On August 29, 2023, U.S. law enforcement announced a takedown of the Qakbot criminal botnet (also known as Qbot). The financially motivated GOLD LAGOON threat group has operated the Qakbot malware since 2007. The modular malware supports numerous capabilities, including facilitating ransomware attacks.
Secureworks® Counter Threat Unit™ (CTU) researchers tracking the Qakbot botnet observed the technical takedown operation. At 23:27 UTC on August 25, CTU™ researchers detected the Qakbot botnet distributing shellcode to infected devices. The shellcode unpacks a custom DLL (dynamic link library) executable that contains code that can cleanly terminate the running Qakbot process on the host.
The DLL uses a clever method that involves sending a QPCMD_BOT_SHUTDOWN instruction via a named pipe that Qakbot uses to send and receive messages between processes on the host. Qakbot pipe names are generated using a pseudorandom algorithm that the DLL uses to generate the correct name for the system it is running on. The DLL then calls CallNamedPipeA and sends the QPCMD_BOT_SHUTDOWN instruction to the pipe (see Figure 1).
Figure 1. Custom DLL generating the pipe name and sending the QPCMD_BOT_SHUTDOWN command. (Source: Secureworks)
Qakbot has a PipeServer() function that can send and receive messages between processes that it has injected into (e.g., receiving data stolen from a web browser via the STAGER_1 module). There are seven PipeServer() commands (see Table 1).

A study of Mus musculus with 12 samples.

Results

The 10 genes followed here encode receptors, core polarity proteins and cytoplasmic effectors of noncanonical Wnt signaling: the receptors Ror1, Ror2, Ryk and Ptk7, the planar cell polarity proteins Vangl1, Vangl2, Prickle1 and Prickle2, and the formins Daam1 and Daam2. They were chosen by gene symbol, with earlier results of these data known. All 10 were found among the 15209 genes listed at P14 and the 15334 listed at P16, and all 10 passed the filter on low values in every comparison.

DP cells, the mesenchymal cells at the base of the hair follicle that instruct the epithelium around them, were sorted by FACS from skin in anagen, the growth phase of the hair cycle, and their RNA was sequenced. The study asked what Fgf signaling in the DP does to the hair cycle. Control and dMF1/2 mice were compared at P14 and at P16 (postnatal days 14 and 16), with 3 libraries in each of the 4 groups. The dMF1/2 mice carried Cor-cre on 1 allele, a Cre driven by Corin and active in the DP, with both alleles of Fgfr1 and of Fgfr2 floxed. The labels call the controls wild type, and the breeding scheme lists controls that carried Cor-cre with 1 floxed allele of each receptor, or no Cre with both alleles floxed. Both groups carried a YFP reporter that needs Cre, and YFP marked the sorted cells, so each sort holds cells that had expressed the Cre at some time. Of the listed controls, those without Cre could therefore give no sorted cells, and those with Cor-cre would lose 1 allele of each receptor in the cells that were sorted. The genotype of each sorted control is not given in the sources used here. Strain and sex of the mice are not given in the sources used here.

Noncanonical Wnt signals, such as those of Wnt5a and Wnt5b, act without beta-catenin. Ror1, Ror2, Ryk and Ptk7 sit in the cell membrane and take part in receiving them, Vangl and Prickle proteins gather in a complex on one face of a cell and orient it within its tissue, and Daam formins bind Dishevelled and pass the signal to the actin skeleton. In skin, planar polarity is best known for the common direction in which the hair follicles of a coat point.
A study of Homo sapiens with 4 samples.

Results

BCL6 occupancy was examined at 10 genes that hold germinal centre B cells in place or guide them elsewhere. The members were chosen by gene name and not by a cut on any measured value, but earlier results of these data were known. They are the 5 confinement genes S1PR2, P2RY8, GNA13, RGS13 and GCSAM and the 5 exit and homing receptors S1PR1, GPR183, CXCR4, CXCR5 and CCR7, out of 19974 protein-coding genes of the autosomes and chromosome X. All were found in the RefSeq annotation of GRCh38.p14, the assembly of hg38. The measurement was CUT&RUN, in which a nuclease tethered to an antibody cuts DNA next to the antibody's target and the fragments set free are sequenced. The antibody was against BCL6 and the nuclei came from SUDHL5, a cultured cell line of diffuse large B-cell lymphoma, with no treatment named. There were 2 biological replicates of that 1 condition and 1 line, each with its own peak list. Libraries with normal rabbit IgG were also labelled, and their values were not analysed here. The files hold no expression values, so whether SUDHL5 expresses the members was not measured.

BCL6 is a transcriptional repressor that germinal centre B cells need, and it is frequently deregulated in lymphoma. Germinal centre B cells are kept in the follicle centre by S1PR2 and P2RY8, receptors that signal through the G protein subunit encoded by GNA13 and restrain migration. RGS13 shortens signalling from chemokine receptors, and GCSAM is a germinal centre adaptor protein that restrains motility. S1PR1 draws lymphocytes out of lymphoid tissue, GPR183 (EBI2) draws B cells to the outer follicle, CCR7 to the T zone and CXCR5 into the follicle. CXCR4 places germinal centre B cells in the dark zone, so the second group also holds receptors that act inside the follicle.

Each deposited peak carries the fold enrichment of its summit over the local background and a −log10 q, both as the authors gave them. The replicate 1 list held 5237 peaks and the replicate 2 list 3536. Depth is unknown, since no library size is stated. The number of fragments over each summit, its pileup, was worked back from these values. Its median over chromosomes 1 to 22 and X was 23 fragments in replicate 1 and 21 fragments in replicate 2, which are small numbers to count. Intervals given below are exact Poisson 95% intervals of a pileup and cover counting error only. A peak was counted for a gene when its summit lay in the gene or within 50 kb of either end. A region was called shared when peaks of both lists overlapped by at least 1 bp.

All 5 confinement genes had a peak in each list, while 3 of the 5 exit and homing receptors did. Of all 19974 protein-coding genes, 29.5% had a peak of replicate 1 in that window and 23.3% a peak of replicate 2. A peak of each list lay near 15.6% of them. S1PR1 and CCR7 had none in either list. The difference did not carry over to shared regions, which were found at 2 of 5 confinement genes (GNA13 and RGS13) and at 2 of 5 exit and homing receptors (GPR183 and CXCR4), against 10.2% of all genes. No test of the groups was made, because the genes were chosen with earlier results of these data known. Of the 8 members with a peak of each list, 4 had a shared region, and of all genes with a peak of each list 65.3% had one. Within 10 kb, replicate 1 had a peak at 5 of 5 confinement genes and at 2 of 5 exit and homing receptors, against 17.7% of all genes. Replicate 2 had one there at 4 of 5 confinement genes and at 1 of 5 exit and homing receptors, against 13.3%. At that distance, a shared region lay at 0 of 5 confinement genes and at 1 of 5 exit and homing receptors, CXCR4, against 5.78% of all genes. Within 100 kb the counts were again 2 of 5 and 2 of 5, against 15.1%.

Table 1. PipeServer() commands.
When the QPCMD_BOT_SHUTDOWN command (command number 4) is received, the 'keep_alive' global variable is set to 1 (see Figure 2).
Figure 2. Qakbot setting keep_alive to 1 after QPCMD_BOT_SHUTDOWN. (Source: Secureworks)
When this global variable is set to 1, the Qakbot main thread stops running and the Qakbot process exits (see Figure 3).
Figure 3. Qakbot terminating if keep_alive is 1. (Source: Secureworks)
Qakbot establishes persistence on a host when it detects a user initiating a system shutdown. Using the named pipe to terminate the Qakbot process bypasses persistence. As a result, Qakbot will not run if the host is restarted.
CTU researchers have long maintained visibility of Qakbot’s backend infrastructure. At approximately the same time as the DLL began neutralizing infections, CTU researchers observed GOLD LAGOON's backend infrastructure had stopped responding and some infrastructure had been replaced. To interact with infected hosts, the replacement servers required a certificate that can sign messages. It appears that the certificates were obtained and used for good intentions.
The unresponsiveness of GOLD LAGOON's infrastructure and the distribution of payloads to terminate Qakbot processes indicated takedown efforts. These robust efforts should reduce the number of infected hosts and hinder GOLD LAGOON's attempts to regain control of the botnet.